Hannah – The White Bull

Summary

For three days rumors circulate amongst the cattle ranchers. More men are found each morning in the frost, gored and gnawed upon.  In daylight hours, the ranchers blame Nelson Story’s longhorns, brought by train from Texas to Western Montana.  It takes little imagination to picture the damage those massive horns could do to a man caught unaware.  But in the dark hours, they blame the white bull.  For a moment, we are transported to an ancient time, when a god cursed a Queen to fall in love with a white bull.

Leontis has been a ranch hand in Deer Lodge Valley, Montana for as long as he can remember.  Finishing his daily rounds, he comes upon a half-naked man with a sword, suspiciously prodding a frozen corpse. Leontis instinctively draws his pistol.  The man addresses him in an unknown tongue.  Through some creative sign language, the two agree this is the work of a mad bull. In accord, the stranger gestures for Leontis to follow him towards the mountains.

The snow begins to fall in earnest.  Leontis, on horseback, trudges behind the stranger, who seems impervious to the cold. Through flurries, Leontis sees familiar shapes pacing beside them.  They are longhorn bulls…though their signature red patches are so faded in the snow, the beasts appear eerily white. The bulls unexpectedly charge them.  The stranger leaps onto Leontis’s horse and the men gallop deeper into the valley.  Soon a horrifying silhouette confronts them, ancient and horned. It bellows, and the mountains crack ominously. The panicked horse shakes its riders and disappears into the oncoming avalanche.  Stuck in the snow, Leontis watches dazed as the stranger and the monster battle.  The stranger is fatally wounded, and Leontis fires on the Minotaur as the avalanche overwhelms them.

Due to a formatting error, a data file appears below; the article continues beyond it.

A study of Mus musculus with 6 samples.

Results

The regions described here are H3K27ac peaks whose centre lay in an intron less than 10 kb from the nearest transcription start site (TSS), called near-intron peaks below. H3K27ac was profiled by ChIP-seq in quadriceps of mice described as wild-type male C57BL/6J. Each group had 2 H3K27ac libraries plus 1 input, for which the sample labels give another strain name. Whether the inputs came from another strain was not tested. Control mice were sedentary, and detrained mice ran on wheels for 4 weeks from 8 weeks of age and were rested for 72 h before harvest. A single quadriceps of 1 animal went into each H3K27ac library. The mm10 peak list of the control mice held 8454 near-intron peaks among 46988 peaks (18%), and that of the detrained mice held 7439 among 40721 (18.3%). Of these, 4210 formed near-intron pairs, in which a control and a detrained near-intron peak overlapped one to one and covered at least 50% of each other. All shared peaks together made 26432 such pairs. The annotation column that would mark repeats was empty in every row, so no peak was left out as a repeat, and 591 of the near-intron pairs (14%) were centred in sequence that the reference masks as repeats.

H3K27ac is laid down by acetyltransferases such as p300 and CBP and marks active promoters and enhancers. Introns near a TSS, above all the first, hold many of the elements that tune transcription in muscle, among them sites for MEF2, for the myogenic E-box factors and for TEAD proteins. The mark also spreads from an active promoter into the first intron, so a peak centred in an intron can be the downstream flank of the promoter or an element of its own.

Time recedes, and Leontis opens his eyes to a terrible noise.  All around him is blackness and dripping stone. The Minotaur, bloody and clearly dying, has devoured the stranger whole.  It roars at Leontis and collapses.   Carved figures on the walls of the labyrinth seem to glow and twist.  There is a sculpture of a great snake with three heads, the first of a man, the second a lion, the third a bull. The bulls’ stone eyes glower. The snake intertwines a beautiful woman holding a spindle. Chronos, a voice whispers, and Necessitas.  From the spindle, a cool mist envelopes Leontis. When it vaporizes, he is identical in form and feature to the stranger, Prince Theseus of Athens. The carvings still and darken. Slowly, the new prince bends to clasp a familiar strand of twine. He passes the dead Minotaur as he follows the twine from the heart of the maze.     

Excerpt

Accompanied by Ennio Morricone’s Man with a Harmonica

She had despaired bitterly, most bitterly. But this construct was her salvation. She marveled at it. Like all Daedalus’s inventions, it was simple…but it’s genius was in it’s simplicity.  Shaped as a she-cow and covered in stitched hyde, with just the space inside she would require.  Positioned at last within the structure, palace guards carried her to his pastures.  At last, he would have her…

*    *    *

Leontis cocked his pistol. But he did not know what to make of the man, and could not rightly fire on him without first considering his predicament in each aspect.  He was stocky and dark-skinned, similar to the Indians of the Salish tribe. But his clothes were like nothing they wore. His clothes…Leontis shook his head.  They were not enough to keep a man alive long in Western Montana!  Still stranger was his sword.  It was not the saber of a cavalryman.  It was broader and heavier, shorter than a pickaxe and wickedly sharp.

And it was pointed at him.  Considerations.

“English?” Leontis asked.

The man, who appeared just as taken aback by the looks of Leontis, shook his head impatiently.  Eyes steady upon him, he stabbed his sword towards the corpse and spoke in a strange tongue.

The words, unintelligible, did not seem Salish. “You do that?” the ranch hand asked, pointing at the body with his chin. He looked more closely, and grimaced. Pockets of flesh gaped in the corpse’s chest. Just as it had been with the others.

Both men turned quickly to the sound of heavy hooves. The head of a white bull crested slowly over the hill, curved horns spanning five feet.  Hot steam shot from it’s nostrils as it breathed, and in a moment both Leontis’s gun and the strangers sword were trained on the animal. The bull, ignorant to danger, plodded past them without interest. Observing the red patches in the Longhorn’s thick coat, they released identical sighs of tension, and then glanced at each other, assessing.   

Leontis looked once more to the dead man on the ground.  Whatever dark implement that had killed him, it had not been the work of a sword. The stranger spoke again, more harshly, sheathed his sword, and curled his fingers to his head in the shape of horns.  He pointed to the corpse more gently, paused, then withdrew his sword and stabbed viciously towards the mountains.